The General Services Administration (GSA) has finally approved a cloud provider under the security guidelines detailed by FedRAMP. The first vendor is Autonomic Resources, an information technology and integration services firm that delivers SaaS, PaaS and cloud brokerage, among other cloud services. They are small in comparison with other companies who are rumored to be undergoing FedRAMP audits, such as Microsoft, but Automatic Resources has been serving the government since 2001.
The goal of FedRAMP is to significantly cut the cost of contracting cloud providers. Although third-party auditors will be hired to implement the standards, taxpayer dollars will be saved.
“By using FedRAMP and eliminating redundant security assessments, agencies can save an estimated $200,000 per authorization,” Dave McClure, associate administrator of GSA’s Office of Citizen Services and Innovative Technologies, said in a statement Thursday.
Since June, when GSA began accepting applicants, about 80 companies have expressed interest in hiring government-selected assessors to test their cloud services. The Cary, N.C.-based Autonomic began the process in July, according to the company’s website. Veris Group performed the assessment.
Read Small N.C. cloud company nabs first FedRAMP security certification on Nextgov.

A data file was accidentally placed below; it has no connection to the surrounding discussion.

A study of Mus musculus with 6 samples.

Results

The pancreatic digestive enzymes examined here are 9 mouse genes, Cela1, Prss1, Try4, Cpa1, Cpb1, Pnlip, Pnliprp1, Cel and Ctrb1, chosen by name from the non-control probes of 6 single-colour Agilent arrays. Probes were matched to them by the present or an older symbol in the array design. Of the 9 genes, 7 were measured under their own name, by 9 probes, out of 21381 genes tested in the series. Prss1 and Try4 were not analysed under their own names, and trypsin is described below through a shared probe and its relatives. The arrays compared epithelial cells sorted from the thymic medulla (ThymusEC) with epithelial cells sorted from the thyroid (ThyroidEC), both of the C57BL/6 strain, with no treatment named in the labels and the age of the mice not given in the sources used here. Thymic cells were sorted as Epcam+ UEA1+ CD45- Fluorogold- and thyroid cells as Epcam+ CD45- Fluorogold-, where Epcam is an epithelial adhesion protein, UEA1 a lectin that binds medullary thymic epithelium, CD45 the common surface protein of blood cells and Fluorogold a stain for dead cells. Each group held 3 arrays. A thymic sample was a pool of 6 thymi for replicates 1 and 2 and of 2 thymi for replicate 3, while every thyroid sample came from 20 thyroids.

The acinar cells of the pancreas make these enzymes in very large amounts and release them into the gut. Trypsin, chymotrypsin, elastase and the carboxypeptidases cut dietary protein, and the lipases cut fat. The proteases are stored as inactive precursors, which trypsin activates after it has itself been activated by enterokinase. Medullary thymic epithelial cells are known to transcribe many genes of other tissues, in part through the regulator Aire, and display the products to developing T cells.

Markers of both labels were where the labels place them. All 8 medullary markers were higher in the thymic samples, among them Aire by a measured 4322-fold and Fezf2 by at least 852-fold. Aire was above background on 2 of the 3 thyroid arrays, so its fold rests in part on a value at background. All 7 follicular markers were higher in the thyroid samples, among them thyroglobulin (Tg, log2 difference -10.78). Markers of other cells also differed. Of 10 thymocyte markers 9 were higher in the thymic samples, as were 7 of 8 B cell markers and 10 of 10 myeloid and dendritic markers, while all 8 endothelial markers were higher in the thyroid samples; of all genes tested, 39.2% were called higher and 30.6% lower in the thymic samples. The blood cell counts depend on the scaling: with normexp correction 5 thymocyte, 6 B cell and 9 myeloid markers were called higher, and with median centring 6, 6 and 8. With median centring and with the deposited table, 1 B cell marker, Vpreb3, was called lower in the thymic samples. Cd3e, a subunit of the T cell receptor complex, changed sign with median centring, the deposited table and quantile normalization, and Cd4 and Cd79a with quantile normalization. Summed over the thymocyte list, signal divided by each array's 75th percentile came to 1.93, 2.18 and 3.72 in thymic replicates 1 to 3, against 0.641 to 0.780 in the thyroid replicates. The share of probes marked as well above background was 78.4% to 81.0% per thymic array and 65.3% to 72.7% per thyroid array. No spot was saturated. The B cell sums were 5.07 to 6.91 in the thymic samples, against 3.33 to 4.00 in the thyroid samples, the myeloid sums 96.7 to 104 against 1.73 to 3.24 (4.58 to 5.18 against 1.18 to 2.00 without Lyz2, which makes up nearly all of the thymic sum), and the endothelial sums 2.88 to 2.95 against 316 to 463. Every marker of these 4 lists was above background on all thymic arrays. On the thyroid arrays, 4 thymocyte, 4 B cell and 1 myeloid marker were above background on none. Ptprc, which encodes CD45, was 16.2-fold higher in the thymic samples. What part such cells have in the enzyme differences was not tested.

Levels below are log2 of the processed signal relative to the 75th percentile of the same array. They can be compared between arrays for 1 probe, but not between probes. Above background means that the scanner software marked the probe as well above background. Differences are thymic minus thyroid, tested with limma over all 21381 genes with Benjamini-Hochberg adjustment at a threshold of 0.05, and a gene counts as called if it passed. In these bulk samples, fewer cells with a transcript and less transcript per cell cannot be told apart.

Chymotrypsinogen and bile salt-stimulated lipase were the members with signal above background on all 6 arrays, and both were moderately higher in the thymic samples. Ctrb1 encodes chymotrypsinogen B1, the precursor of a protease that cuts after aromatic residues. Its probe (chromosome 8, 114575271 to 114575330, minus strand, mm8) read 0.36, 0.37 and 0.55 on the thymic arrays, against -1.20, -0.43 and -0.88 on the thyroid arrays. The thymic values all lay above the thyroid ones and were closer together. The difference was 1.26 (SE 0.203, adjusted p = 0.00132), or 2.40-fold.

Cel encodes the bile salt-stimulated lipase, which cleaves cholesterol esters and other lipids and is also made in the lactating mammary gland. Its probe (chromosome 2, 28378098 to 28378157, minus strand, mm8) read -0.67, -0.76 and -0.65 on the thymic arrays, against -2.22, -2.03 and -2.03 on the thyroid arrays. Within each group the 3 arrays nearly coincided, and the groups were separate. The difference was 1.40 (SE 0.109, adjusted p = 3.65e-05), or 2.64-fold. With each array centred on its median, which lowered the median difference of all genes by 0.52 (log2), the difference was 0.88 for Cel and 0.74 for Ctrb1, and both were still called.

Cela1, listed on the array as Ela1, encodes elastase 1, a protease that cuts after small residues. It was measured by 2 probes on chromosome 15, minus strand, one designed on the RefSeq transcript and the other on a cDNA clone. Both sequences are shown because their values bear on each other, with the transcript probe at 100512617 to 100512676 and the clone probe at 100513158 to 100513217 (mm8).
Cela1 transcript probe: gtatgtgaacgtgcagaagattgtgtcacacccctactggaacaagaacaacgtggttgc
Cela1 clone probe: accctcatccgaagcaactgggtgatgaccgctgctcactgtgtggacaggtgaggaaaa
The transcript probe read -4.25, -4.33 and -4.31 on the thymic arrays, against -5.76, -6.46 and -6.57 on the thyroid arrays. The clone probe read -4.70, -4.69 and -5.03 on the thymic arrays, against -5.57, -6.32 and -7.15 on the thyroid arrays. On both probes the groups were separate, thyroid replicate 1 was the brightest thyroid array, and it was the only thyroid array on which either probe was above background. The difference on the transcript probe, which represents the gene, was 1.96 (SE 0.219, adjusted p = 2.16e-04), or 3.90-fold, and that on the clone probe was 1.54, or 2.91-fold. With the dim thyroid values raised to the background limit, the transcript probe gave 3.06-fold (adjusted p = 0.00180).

What’s Next for FedRAMP?
2013 will be an important year for the government’s cloud-first initiative. Cloud providers will be busy meeting the standards set forth by FedRAMP and working with auditors. Agencies can finally begin to move to the cloud in earnest; existing cloud providers have until 2014 to meet FedRAMP’s standards.
Cloud computing marks a foundational shift in the way government agencies operate and will need to be handled strategically, but the savings are real:
After three years of cloud, savings may really begin to pile on. Based upon input provided by Feds, agencies could have shaved 15% of their IT budgets for the last three years with cloud, or approximately $12 billion per year. According to MeriTalk, federal agencies and departments could have cut between $2 and $3 billion by clouding steady-state programs and $25-$32 billion by clouding new IT investments over the past three years.
Read more about why the government is slow to adopt cloud computing.